In presidential races, the Republican Party has long been dominated by white voters, whereas most non-whites cast their ballots for the Democratic candidate. This year things are different, however. It is no secret that Donald Trump has caused many Republicans to declare to pollsters that this year they will vote for the Democratic candidate, Hillary Clinton.
In an ABC News/Washington Post poll of registered voters conducted by Langer Research Associates, on August 4, Hillary Clinton was shown leading Donald Trump by 45 to 37 percent with eight percent planning to vote for Libertarian Candidate Gary Johnson and four percent for the Green Party candidate Jill Stein. Among men, Donald Trump leads 51 to 41 percent, while Hillary Clinton leads among women by a much wider margin, 58 to 35 percent.
The polling data become more interesting when one analyzes the white vote by educational level. Even college graduates have traditionally favored the Republican candidate, but not this year. Among white college graduates overall, Hillary Clinton leads by 50 to 44 percent. Among those whites with no college degree, Donald Trump leads 50 to 42 percent.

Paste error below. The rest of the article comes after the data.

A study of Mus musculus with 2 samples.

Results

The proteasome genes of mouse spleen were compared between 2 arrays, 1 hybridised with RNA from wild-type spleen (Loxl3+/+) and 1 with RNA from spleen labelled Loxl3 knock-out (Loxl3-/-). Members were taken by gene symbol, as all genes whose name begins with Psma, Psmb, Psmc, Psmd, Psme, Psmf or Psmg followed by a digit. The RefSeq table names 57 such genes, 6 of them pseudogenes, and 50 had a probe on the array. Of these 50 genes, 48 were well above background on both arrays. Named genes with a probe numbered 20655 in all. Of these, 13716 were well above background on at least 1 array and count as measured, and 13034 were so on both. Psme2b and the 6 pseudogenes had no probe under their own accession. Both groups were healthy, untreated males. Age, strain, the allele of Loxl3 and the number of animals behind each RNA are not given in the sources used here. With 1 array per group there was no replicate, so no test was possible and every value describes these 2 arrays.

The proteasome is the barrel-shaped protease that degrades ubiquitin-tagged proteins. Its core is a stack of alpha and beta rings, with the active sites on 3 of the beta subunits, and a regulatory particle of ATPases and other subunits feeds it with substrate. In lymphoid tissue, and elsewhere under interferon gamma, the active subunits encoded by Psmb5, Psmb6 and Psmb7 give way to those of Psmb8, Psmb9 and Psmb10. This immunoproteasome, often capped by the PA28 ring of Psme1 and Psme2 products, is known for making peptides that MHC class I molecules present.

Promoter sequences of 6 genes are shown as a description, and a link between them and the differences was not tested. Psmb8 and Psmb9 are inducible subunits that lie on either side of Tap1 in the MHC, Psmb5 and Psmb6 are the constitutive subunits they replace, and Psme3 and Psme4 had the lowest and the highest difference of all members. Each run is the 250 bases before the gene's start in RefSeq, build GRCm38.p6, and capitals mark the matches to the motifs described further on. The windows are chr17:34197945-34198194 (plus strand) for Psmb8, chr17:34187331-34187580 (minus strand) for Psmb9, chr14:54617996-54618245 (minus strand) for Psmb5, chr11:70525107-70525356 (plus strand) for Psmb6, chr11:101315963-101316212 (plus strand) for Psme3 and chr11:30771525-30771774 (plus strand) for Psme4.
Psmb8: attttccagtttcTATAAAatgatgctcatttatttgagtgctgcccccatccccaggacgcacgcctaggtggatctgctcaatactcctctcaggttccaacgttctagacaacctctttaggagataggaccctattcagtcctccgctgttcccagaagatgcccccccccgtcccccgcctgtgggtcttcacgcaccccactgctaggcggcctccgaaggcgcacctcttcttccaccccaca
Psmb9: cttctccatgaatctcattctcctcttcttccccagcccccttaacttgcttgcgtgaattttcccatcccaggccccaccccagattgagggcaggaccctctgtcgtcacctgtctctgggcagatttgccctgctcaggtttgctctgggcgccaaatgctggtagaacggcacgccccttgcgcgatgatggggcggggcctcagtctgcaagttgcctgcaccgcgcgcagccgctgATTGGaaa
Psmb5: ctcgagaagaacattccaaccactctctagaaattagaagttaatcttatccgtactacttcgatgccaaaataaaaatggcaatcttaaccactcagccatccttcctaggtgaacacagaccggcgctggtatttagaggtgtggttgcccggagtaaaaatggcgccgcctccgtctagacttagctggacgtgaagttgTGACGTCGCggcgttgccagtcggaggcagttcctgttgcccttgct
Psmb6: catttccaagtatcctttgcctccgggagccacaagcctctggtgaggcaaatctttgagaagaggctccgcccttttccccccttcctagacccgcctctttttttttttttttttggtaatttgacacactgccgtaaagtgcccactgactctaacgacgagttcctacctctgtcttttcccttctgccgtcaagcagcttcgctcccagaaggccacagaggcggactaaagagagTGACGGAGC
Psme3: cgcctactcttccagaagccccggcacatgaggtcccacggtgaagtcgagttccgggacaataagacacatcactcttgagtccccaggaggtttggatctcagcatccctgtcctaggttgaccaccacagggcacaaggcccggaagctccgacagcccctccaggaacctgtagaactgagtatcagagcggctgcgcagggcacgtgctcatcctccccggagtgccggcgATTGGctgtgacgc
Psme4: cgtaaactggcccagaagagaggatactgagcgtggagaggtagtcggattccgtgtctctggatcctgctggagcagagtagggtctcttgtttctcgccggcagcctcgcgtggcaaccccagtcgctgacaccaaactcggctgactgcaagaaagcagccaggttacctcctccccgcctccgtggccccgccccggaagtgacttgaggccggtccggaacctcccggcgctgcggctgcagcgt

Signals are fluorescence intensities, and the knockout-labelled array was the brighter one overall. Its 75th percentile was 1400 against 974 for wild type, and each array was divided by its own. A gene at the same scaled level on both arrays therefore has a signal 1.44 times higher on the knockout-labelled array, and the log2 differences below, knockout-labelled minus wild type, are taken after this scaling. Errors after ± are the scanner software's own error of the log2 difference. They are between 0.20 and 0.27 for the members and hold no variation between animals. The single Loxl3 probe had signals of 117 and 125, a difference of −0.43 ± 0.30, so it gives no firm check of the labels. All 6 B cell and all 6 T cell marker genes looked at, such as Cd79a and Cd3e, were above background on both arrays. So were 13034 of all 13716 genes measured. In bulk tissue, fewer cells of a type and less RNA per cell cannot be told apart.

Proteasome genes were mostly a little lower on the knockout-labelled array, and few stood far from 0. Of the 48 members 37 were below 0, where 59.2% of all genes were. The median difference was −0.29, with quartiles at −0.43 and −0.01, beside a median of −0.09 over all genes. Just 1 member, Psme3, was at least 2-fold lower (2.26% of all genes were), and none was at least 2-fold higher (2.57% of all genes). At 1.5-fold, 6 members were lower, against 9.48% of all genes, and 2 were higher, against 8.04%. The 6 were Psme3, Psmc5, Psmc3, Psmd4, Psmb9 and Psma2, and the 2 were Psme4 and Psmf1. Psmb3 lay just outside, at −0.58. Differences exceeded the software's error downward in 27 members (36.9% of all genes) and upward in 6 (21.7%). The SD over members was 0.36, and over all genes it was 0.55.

Breaking it down by gender, Trump leads among male white college grads 50 to 42 percent and among those with no college degree by a much larger 67 to 25 percent. Unsurprisingly, Hillary Clinton does much better among white women. She leads by a whopping 57 to 38 percent among college-educated women, but Trump leads a narrower 51 to 40 percent among women with no college degree.
What the numbers show is that if you are white, you educational level and gender determine the likelihood of your voting for one candidate or another. The less education you have, the more likely you are to vote for Trump, although it must be said that Trump does still have a small lead among college-educated white men. Males of all educational levels still favor the Republican candidate, but college-educated males favor Trump by a smaller margin than this group has favored the Republican candidate in past presidential elections.
Is the Republican Party becoming the party of lesser-educated whites? It is too early to say. It certainly looks that way in this presidential cycle, but perhaps after the election is over and Donald Trump is safely defeated, more educated white voters will again vote in larger numbers for Republican candidates.
By the way, if you would like to look at the poll numbers in much more detail, they are available by clicking here.